As a young writer for the Centrist Project Blog, I can attest that my generation’s perceived agenda of social tolerance and environmental responsibility is indeed accurate. The country has yet to make a definitive move in this direction. It is also true that generation Y leans more liberal, mirrored in the numbers Pew Research Center found in a recent study: 34% of millennials identify as a Democrat versus 22% Republican.
Although the math there doesn’t quite add up. This begs the question for the future of American politics. “Where did the other 44% go?”
These voter ID statistics are notably low. For America as a whole, the spread reads 29% Republican, 33% Democrat, 34% Independent, 4% who don’t know. This marks a 6% deviation in millennials from the national norm, something astounding when taken on a national scale.
Of course a common criticism of the millennial is that his opinion is of no consequence, because he doesn’t even vote. Census.gov estimated that peoples from ages 18-29 make up about 21.60% of voting age citizens, or 49 million people. Only about 24 million under 30 years old voted in the 2016 election.
How can this be? Surely this must mean young people are too busy to be bothered to vote. While political analysts are quick to dismiss it as flippancy - and true, for some that may be part of the issue - that logic would suggest that millennials do not feel passionately about politics. Quite the opposite. Millennials are incredibly vocal about their political beliefs - sometimes even to the detriment of their cause.
What then? In truth, generation Y does not consistently vote because neither party appeals to the next wave of Americans. The worsening polarization has created a void of alienated voters.
Millennials desire political change so that they may escape from this void without compromising their core values. For many that means joining the ebb and flow of the socialist movement, yet it seems unrealistic to say that the entire generation is characterized by extreme left political views; many feel quite the opposite, worrying that either political extreme will jeopardize our nation’s future and make pragmatic solutions impossible.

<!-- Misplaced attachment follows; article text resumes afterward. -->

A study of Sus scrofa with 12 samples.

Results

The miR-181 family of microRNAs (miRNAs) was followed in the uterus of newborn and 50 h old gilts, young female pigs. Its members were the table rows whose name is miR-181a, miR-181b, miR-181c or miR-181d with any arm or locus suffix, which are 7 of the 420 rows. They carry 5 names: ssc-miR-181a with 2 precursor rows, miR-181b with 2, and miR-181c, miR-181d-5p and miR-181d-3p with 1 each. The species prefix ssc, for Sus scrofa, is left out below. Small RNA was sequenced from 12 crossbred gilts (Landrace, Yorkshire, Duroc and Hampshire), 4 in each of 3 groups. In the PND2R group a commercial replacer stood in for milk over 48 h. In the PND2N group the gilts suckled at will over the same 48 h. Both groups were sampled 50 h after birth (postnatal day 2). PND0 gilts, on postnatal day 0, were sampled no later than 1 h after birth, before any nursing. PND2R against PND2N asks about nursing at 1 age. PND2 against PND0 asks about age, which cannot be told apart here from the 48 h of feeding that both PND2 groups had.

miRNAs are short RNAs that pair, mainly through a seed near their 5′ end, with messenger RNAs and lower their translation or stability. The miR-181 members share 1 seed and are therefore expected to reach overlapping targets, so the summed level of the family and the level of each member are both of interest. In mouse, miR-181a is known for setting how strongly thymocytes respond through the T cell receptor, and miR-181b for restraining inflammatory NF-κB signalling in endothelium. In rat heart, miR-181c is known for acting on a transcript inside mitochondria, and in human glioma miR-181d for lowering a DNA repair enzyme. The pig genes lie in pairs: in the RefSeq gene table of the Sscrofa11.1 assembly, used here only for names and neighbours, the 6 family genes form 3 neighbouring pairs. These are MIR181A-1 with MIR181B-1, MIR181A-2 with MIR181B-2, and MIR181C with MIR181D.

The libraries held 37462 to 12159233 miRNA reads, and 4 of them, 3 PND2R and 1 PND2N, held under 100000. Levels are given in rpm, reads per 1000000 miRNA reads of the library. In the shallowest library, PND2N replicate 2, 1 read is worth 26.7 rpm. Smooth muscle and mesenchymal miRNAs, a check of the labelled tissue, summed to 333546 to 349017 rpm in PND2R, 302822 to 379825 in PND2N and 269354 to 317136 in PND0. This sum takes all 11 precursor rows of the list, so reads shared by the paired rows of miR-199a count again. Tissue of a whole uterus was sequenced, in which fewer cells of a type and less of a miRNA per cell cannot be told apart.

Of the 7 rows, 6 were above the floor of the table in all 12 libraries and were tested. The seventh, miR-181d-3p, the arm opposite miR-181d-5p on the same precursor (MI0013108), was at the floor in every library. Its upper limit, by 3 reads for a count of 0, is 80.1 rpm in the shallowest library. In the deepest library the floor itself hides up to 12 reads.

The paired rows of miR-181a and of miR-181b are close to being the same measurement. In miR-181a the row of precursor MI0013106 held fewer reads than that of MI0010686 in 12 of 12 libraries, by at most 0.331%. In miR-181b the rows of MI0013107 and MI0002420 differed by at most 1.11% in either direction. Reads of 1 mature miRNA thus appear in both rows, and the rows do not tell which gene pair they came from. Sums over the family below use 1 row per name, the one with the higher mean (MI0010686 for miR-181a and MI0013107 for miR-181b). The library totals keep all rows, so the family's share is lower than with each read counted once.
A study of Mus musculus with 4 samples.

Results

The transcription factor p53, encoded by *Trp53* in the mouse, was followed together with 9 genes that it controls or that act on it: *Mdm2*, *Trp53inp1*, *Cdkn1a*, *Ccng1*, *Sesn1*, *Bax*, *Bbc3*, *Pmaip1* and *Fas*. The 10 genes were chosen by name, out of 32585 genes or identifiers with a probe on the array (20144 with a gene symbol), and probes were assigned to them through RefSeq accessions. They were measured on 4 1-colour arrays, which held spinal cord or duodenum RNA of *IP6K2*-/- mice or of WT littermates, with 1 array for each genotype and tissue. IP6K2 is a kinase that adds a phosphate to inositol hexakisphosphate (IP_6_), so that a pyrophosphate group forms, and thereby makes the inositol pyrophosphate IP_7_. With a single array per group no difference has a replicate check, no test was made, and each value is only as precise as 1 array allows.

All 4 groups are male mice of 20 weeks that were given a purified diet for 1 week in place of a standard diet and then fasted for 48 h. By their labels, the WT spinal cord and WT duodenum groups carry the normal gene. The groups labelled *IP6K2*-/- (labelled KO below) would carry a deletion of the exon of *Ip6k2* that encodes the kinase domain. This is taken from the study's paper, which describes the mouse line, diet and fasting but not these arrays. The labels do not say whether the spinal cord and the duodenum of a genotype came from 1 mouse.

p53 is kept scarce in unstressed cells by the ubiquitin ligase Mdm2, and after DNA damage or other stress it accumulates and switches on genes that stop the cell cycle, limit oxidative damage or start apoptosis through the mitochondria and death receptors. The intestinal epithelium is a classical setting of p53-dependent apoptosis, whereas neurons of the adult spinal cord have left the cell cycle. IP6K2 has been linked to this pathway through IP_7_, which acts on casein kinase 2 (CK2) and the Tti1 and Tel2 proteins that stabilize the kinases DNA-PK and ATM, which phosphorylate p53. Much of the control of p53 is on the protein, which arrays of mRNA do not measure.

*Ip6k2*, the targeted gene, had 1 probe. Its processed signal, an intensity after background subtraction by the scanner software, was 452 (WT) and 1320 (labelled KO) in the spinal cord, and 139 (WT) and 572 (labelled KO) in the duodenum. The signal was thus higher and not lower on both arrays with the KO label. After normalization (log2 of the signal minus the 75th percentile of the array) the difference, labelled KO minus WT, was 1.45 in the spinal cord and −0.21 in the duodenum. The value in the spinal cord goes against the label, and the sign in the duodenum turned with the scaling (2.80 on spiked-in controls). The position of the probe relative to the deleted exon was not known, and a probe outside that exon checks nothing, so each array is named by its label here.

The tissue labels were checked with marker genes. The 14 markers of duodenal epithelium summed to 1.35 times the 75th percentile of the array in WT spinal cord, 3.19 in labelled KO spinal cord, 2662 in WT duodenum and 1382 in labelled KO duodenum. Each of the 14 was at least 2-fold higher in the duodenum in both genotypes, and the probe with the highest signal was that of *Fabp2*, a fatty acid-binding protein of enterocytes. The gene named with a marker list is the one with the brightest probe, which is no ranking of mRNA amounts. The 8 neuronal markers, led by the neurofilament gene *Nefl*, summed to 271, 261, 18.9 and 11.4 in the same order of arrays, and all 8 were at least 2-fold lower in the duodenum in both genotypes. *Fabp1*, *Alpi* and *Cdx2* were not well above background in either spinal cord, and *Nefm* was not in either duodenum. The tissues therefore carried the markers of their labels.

Our own executive director, Nick Troiano, belongs to the second camp. A former Republican, Nick reached his breaking point when the GOP facilitated the 2013 government shutdown. It was a prime example of politics for the good of the party, but to the detriment of the nation.
After witnessing the havoc that partisan politics can wreak, he promptly ran for representative of Pennsylvania district 10 as an independent. Although victory was just out of reach, he became the youngest candidate (24, by election date 25) in our history, as well as the first independent to run in his district.
Troiano’s campaign embodied the growing political dissent among young people, which has only worsened since the 2016 election. As the party affiliation statistics decline, one thing is for certain: America’s young people would rather reform the nation’s politics as a whole than buy into a system that they consider broken.
Nearly half of millennials do not identify with either party, endowing our youngest age group with the power to greatly alter the political landscape. As more Troianos arise to catalyze change for the next generation, American politics could undergo a serious facelift.
The young people are lying in wait until their voices can be heard, and what they’re waiting for may well be the Centrist Project.
Andrew Hicks is a student from central Ohio. When he’s not studying economics and policy, he- well, no, that’s how he spends all of his time and he likes it that way. He has recently started a website, youthinmoderation.org, to help lead his fellow young people away from partisan politics and toward creative solutions for the good of the nation’s future.